Project began with #8216;the best deal#8217; donation

Published 12:00 am Thursday, August 14, 2008

Southampton County has more than the generosity of its taxpayers to credit when it comes to the new Riverdale Elementary School.

The project got its start when the developer that owned the current school property, as well as hundreds of acres adjacent to it, learned that Southampton school administrators were searching for a site for a school to replace the aging and overcrowded Hunterdale Elementary School.

During the system’s site search, George Fiscella of Hampton Roads Development LLC approached Southampton County School Superintendent Charles E. Turner

with an offer of help.

After three months of negotiations, the parties settled on “a negotiated site donation agreement” that Brian Camden of construction management firm Powell Management Associates lauded for its simplicity and generosity: The company would donate outright a portion of its Camp Parkway property to the school system.

The company’s only stipulation for the $375,000 donation was that a school would had to be built there within 10 years.

The agreement also required the developer to spend about $680,000 for off-site improvements, including water and sewer extensions and connections, a road for a bus loop, some surveys and studies pertinent to the project and a stormwater runoff pond.

Camden stressed that “nothing was promised in return” to the developer and that his company and the county had “gone to great pains” to ensure that their own plans for the school are disconnected from any of the developer’s other plans.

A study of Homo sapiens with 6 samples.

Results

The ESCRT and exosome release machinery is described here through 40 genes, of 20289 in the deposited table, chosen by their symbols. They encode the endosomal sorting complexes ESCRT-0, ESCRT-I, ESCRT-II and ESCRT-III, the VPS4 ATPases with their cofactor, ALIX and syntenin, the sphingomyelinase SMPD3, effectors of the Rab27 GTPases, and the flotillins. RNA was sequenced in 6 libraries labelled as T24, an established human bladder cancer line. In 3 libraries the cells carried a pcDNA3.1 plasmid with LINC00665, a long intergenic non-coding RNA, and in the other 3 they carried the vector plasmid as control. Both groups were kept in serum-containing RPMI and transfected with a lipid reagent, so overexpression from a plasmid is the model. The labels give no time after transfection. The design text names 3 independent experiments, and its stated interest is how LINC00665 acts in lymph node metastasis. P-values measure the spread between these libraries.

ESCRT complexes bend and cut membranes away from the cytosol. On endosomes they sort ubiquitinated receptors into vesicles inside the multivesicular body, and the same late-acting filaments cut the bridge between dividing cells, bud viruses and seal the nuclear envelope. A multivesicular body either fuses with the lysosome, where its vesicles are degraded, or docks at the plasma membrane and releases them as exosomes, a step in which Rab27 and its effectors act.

In fact, Fiscella was rebuffed by the county’s Board of Supervisors in June, when members voted 4-2 against changing Southampton’s comprehensive plan to reflect plans for commercial and multi-family components he wished to include amongst the remaining 432 acres of the former farm that straddles Delaware Road along Camp Parkway.

The request had met with quick and vehement opposition from county residents, who turned out by the dozens at various hearings held to receive public input on the application.

Even without the ability to build the desired commercial and multi-family facets of the project, the property adjacent to the school still has value to the developer, as it is permitted to support up to 475 single-family homes.

Once those homes are built, children living there would be obvious beneficiaries of an elementary school within walking distance.

Despite public speculation that he was trying to influence the county toward approving his subsequent zoning requests, Fiscella has kept quiet about his motivations for making the donations.

He attended the public hearings involving the property donation, as well as those in which he sought changes to the comprehensive plan, but in all instances he allowed others to plead his case. He also has failed to respond to repeated requests for interviews regarding the school and plans for the neighboring development.

Whatever the reason for the donation, school officials and their construction representatives have been excited about Riverdale ever since the gift that launched it.

Camden, in particular, was enthusiastic about the project as he considered the Planning Commission’s approval of a rezoning that was necessary to set the property aside for a school, noting that school projects seldom get off to as promising a start as this one has.

“I’ve been buying school sites for 25 years, now, and this is the best deal I’ve gotten,” he said in a telephone interview at the time. “I’ve never had one that was as beneficial to the school system as this one.”